J. Roddy Walston and the Business blows up at the Biltmore
At the Biltmore Cabaret on Saturday, October 5
J. Roddy Walston deserved more business than we got at the Biltmore on Saturday night (October 5). You can probably blame an 11 o’clock curfew for the so-so attendance, but still, Walston and his three-man crew did what any self-respecting travelling band does when you roll into a sleepy Canadian hamlet and less than a third of the room turns up to see you; they blew the fuck up.
The hyper-animated shuffle of “I Don’t Want to Hear It” set the pace from the very top of the set, with guitarist Billy Gordon’s solo (on a Gibson SG he used for the entire show) conjuring a little Angus Young inside an already intoxicating mix of southern revival stomp and vintage British glam, kind of like the Smith Westerns but more likely to explode in your pants, make you quit your job, and start your own hard luck band of longhaired road freaks, praise God.
With no set list visible anywhere, Walston switched between piano and guitar as he led the Baltimore-based group through a mix of old numbers and material from the band’s new Essential Tremors album. If you need an indication of how much the Business has matured since it released its second self-titled full-length in 2010, listen to “Don’t Break the Needle”—delivered tonight with a maniacal, sulphur-infused laugh from the frontman in the last ecstatic chorus—and then compare it to the new record’s “Marigold”. It’s basically the same song, but the Business circa 2013 sounds like a band that has graduated into the next league, and maybe even the one after that. In a perfect universe, these guys would be replacing Kings of Leon on those arena stages.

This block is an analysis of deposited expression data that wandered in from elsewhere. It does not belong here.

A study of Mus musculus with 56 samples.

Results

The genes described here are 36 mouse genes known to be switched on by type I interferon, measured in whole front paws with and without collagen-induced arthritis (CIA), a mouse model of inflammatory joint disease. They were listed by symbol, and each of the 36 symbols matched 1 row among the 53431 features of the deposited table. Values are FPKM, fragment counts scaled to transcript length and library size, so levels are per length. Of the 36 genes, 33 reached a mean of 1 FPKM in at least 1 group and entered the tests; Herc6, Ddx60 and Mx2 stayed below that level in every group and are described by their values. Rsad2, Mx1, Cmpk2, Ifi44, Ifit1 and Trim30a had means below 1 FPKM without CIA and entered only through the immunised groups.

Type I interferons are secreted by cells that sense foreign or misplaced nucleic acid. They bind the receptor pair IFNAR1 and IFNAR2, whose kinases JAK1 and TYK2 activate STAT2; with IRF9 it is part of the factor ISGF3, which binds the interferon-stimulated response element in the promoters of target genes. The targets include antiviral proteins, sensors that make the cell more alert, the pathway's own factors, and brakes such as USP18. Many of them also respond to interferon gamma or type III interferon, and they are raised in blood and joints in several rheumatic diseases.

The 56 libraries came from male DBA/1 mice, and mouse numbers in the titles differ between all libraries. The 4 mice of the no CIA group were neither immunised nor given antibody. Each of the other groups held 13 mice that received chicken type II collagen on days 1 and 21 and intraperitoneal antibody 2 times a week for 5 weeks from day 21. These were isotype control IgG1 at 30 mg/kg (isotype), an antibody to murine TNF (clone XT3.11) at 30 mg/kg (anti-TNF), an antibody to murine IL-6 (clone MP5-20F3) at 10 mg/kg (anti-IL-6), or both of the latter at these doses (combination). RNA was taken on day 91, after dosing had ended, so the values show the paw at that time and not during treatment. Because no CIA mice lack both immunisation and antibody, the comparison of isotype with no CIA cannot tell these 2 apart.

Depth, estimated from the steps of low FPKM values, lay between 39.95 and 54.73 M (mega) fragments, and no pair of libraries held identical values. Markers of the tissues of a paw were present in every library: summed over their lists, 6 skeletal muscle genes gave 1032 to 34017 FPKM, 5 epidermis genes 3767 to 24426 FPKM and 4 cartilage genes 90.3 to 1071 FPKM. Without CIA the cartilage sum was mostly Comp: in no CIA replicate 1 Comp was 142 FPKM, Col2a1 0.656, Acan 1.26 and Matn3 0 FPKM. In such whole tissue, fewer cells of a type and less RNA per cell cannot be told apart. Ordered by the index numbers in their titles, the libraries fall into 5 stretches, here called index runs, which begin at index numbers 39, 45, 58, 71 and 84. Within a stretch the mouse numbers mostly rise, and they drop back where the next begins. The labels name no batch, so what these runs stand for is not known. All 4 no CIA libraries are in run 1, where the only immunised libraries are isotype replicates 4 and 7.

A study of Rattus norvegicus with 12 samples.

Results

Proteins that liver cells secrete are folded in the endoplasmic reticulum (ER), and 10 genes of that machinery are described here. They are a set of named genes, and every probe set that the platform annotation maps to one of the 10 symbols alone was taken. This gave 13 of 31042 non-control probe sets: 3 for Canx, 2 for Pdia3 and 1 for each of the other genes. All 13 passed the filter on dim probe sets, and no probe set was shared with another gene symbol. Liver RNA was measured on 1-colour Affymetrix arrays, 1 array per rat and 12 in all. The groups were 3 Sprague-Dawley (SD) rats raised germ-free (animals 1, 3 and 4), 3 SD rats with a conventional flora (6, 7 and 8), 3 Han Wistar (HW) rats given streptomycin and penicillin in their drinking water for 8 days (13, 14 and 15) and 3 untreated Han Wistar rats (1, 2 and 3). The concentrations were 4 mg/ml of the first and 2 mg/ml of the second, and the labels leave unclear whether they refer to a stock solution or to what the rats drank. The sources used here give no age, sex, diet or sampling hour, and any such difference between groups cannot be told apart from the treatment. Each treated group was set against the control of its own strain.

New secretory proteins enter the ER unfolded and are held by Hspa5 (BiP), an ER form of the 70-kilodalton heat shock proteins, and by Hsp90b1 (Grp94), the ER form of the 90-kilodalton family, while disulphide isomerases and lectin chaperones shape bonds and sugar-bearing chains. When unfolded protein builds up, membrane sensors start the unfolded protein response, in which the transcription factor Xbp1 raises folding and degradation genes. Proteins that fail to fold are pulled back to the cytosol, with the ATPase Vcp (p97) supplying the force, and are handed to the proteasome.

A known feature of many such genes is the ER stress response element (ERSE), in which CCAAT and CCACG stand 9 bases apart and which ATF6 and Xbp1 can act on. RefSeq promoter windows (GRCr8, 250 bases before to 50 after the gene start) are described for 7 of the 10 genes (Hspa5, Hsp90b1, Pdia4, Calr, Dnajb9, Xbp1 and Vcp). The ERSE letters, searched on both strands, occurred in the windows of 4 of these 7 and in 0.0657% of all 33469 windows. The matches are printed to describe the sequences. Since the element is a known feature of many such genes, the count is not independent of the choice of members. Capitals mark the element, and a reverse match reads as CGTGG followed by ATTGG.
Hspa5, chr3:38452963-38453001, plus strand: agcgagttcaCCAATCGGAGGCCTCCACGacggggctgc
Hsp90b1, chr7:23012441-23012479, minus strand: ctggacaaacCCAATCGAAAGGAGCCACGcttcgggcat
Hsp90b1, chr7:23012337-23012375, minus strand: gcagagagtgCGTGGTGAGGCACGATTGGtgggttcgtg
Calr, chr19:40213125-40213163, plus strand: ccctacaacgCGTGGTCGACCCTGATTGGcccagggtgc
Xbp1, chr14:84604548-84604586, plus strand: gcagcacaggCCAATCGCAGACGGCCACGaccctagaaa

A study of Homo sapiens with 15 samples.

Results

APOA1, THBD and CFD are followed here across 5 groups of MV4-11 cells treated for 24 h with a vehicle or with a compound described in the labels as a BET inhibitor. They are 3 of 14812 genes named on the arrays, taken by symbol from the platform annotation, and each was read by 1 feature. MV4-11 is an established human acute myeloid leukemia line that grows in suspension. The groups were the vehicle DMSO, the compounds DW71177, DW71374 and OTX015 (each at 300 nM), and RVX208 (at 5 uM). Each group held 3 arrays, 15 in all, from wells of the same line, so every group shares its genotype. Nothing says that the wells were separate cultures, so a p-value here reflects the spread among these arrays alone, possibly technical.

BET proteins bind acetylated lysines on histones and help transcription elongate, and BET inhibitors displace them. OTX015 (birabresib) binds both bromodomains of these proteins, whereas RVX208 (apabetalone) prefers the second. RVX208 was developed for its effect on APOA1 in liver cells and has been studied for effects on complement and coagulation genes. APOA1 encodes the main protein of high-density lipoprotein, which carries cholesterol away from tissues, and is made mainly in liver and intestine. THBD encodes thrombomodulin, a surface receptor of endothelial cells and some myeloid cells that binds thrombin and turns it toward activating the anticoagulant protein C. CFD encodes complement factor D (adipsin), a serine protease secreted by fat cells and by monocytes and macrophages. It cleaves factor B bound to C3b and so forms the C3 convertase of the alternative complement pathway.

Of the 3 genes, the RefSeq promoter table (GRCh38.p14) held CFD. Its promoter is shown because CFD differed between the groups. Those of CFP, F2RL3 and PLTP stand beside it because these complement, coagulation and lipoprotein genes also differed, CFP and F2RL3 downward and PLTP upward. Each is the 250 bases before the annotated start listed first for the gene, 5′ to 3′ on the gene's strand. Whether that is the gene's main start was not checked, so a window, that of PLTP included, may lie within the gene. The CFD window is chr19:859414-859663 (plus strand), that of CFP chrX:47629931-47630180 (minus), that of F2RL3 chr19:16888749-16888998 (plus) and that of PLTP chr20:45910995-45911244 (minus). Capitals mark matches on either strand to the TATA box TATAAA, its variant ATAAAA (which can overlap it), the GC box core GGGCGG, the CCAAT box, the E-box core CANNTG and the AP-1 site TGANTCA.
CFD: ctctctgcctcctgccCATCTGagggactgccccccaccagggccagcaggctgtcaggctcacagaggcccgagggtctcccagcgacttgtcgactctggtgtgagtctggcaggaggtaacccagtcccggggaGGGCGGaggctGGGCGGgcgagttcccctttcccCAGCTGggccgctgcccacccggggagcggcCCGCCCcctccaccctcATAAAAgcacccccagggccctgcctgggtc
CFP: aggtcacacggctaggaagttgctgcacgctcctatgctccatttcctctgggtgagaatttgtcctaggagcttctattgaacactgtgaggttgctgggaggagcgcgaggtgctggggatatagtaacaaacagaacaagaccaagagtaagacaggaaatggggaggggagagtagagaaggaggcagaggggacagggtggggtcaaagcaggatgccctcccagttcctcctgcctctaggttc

You’d be hard-pressed to pick a highlight from the too-short and encore-free set (“We got a hard curfew so we’re gonna blast through this,” said a game Walston at one point). Pretty much everything went into orbit, including ‘quieter’ numbers like “Take it as it Comes”, which kinda recalls the Stones whenever they tried to do reggae—awesome, in other words—and the penultimate singalong that came with “Midnight Cry”. New single “Heavy Bells” might have brought the biggest roar of approval, partly because it’s such an outrageously powerful three minutes of Southern unholy roller dementia, although you could probably say the same thing for closer “Used to Did”. But it’s irrelevant, really, since Walston was airborne from the first minute and the Business—tossing around T-Rexstatic falsetto back-ups all over the place—were a couple of groovy notches above perfect.
The image that remains is Walston caressing his piano top tenderly with one hand and pounding the keys with his other, hair flying and his face contorted into a grimace while a grand mal seizure seemed to localize itself entirely in his right leg. This is a band that authentically taps into whatever holy-evil spirit has been animating American music since Jerry Lee Lewis incarnated before the world’s terrified eyes over half a century ago. But who cares; rock ‘n’ roll is dead, right?